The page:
Nabucco gas pipeline is not on EU’s agenda anymore

The ambitious Nabucco pipeline project intended to pump Central Asian natural gas to Europe bypassing Russia has been excluded from EU’s priority projects, a source in the EU’s Council of Ministers said on Tuesday.

The Nabucco gas pipeline is to be laid through the territories of Azerbaijan, Georgia, Turkey, Bulgaria, Romania, Hungary and Austria to connect Europe with Central Asia, which is rich in hydrocarbons, bypassing Russia.

The project is supported by 27 EU members, all the transit countries, and the US.

The estimated cost of Nabucco pipeline, construction planned to start in 2010, is $10 billion.

The previously announced €250 million (approximately $323 million) allocated to start the project were recently cut to just €50 million ($64.5 million) due to the economic crisis.

From the very beginning the project was considered as a rival to Russia’s South Stream gas pipeline designed to annually pump 31 billion cubic meters of natural gas from Russia and Central Asia via the Balkans to Europe. Bulgaria, Serbia, Hungary, Italy and Greece have already agreed to participate in the project.

Russia-Ukraine gas conflicts raised concerns over the energy dependency of Europe once Russia completely cut off gas supplies to Ukraine at the beginning of January 2009 after failing to reach agreement over annual gas prices payment of a Ukrainian gas debt. Later on Russia stopped gas deliveries to Europe via Ukraine, stating that the latter was stealing transit gas. Kiev denied the accusation.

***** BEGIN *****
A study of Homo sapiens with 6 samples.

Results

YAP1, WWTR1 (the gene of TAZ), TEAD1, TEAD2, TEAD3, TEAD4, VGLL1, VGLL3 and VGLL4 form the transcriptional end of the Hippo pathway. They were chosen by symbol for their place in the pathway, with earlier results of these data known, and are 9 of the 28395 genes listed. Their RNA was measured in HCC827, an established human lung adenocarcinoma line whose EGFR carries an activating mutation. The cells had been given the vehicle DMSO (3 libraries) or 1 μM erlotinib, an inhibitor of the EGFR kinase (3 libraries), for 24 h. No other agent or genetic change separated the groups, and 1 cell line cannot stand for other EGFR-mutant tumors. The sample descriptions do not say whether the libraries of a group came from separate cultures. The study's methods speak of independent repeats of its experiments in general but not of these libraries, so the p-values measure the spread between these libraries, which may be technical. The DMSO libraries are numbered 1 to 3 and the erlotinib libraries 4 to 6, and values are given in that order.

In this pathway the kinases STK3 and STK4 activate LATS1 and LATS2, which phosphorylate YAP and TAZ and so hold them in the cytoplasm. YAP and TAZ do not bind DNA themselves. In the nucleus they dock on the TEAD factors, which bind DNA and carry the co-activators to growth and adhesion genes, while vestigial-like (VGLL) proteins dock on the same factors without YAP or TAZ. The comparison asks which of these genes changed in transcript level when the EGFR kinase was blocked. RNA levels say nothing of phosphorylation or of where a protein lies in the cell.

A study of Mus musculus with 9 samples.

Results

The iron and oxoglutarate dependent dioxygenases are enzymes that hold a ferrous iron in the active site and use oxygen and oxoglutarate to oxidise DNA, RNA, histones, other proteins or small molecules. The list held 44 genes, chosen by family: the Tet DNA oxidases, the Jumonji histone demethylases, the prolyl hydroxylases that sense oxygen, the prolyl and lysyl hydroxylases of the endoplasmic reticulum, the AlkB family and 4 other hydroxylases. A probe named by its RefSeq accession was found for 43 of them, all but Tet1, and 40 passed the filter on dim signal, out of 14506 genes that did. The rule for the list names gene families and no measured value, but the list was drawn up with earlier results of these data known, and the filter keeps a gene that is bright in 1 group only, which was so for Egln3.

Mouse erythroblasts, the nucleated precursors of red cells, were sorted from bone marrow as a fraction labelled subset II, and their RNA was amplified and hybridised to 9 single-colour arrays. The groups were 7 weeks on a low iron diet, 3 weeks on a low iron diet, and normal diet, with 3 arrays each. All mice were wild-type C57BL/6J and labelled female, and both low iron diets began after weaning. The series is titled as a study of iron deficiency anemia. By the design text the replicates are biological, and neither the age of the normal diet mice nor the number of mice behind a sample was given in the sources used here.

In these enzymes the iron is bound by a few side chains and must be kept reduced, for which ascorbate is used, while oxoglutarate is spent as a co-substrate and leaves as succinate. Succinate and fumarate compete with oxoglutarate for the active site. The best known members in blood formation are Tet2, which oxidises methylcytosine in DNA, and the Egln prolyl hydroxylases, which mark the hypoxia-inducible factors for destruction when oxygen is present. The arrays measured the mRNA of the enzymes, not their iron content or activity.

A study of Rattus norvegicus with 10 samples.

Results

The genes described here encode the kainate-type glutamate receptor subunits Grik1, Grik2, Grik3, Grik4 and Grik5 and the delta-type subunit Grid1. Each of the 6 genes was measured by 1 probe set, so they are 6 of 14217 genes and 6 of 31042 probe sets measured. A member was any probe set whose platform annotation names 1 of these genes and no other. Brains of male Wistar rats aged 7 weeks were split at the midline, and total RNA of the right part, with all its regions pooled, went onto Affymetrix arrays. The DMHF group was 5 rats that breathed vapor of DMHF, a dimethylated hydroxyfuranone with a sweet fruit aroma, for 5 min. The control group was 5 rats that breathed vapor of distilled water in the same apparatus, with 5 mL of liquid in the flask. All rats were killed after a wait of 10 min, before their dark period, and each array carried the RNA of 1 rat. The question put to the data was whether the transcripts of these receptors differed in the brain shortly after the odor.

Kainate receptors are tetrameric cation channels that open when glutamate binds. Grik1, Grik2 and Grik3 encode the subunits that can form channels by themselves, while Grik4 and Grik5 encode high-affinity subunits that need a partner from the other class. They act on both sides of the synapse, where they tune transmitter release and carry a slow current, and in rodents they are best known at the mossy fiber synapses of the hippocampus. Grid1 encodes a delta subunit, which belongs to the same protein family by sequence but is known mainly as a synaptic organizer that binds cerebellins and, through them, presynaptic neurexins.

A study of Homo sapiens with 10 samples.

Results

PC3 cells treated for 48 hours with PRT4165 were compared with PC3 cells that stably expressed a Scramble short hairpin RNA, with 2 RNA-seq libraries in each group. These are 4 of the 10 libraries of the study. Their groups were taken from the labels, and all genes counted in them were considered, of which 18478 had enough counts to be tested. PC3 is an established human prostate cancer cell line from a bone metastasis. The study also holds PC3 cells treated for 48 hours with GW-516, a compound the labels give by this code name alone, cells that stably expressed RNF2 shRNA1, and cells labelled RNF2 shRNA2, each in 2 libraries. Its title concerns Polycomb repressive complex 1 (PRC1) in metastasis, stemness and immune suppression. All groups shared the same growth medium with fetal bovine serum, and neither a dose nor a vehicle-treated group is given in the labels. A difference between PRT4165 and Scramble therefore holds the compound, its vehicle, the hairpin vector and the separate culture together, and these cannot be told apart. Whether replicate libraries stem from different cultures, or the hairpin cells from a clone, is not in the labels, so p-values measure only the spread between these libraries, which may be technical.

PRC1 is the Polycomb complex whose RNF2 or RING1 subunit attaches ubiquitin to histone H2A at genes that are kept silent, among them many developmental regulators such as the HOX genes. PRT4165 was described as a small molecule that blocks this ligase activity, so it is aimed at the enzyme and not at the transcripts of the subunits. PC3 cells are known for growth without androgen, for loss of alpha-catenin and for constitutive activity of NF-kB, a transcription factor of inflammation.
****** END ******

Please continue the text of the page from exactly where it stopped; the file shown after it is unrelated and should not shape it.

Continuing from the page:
“The Ukraine gas dispute has created a tremendous interest in building alternative pipelines, but at the same time they are expensive and Europe doesn’t have enough money,” says professor Alan Riley from the Centre for European Policy Studies.

At the same time Russia’s gas monopoly Gazprom is sure of the South Stream project's future.

“Unlike Nabucco, we have everything we need to make this project a success. We have gas, we have the market, we have expertise and technical capabilities for implementing such complex projects, and, most importantly, we have corporate governance,” Gazprom Deputy CEO Aleksandr Medvedev said.

Commenting on Russia's gas monopoly refusal to participate in the Nabucco project, Gazprom's CEO said that “We do not wish this project ill. May God help implement it. We have been invited to join in, but we will implement our own project.”